THREE INTERESTING court cases were in the news last week, and they have a common thread. In each case, the courts were asked to settle controversies arising when religious belief and government policy appear to be at odds.

* The first case, decided Tuesday by the Supreme Court, involved the Amish and the Social Security tax. The plaintiff in the case is a member of the Old Order Amish sect, which believes that there is a religiously based obligation to provide to other members of the sect the same benefits and assistance most of us expect from Social Security. Because of this conviction, the Amish believe that both payment of taxes and receipt of benefits under the Social Security program are forbidden by their faith.

In an effort to accommodate this view, Congress has provided a special exemption from the Social Security tax for self-employed persons holding such a religious conviction. However, the exemption does not apply to employers, who--notwithstanding their own beliefs--are obligated to withhold employee taxes and to pay the employer share.

A unanimous Supreme Court held that such a law is perfectly constitutional even though it may impose a burden on religion. "To maintain an organized society that guarantees religious freedom to a great variety of faiths," wrote the chief justice, "requires that some religious practices yield to the common good. . . . Because the broad public interest in maintaining a sound tax system is of such a high order, religious belief in conflict with the payment of taxes affords no basis for resisting the tax."

* The second case involves Bob Jones University in South Carolina. The Justice Department has asked the Supreme Court to decide whether the university should be denied tax-exempt status because it engages in racial discrimination, which, university officials contend, is an article of religious faith. There are some black students at Bob Jones, but the university prohibits interracial dating or marriage and would expel a student who broke these rules. While federal courts have already decided that tax-exempt status may be denied to institutions that engage in practices --such as racial discrimination--which are against public policy, they have never squarely addressed the question of whether religious belief is ever a defense for such conduct.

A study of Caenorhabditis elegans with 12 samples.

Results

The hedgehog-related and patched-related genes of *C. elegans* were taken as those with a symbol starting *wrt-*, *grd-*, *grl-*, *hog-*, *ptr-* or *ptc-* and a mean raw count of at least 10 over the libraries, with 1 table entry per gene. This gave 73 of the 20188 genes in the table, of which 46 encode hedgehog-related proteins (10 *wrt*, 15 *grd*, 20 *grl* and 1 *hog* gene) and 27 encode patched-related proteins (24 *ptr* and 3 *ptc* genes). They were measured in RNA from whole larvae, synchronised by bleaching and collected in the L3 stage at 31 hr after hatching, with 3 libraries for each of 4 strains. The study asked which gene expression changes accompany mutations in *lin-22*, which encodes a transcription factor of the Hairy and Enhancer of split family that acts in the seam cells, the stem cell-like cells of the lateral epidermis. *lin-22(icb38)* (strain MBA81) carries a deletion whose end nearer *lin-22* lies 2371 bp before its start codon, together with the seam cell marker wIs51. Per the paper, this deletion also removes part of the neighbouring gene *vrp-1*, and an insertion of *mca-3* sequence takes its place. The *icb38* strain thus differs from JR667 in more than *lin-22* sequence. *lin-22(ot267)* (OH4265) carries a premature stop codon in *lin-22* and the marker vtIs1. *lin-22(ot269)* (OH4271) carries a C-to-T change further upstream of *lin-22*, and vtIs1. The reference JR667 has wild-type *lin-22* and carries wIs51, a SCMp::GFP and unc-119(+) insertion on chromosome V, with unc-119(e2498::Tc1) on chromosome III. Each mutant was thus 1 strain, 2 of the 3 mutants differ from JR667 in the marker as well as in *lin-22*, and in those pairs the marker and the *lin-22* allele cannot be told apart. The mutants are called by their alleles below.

* Finally, Georgetown University has been taken to court by two homosexual student organizations demanding the right to receive student activity funds. Last week, in Superior Court, Georgetown President Timothy S. Healy testified that while the university does not discriminate against homosexuals, financial support of their organizations would constitute endorsement and would violate the teachings of the Catholic Church.

In all three cases, the courts must strike a balance between First Amendment freedoms and the public policy of secular governments. Any decisions will be controversial, because they involve questions of religion, justice and social policy about which most Americans feel deeply and personally. Judges charged with this responsibility would be well advised to clasp the Constitution and pray for guidance.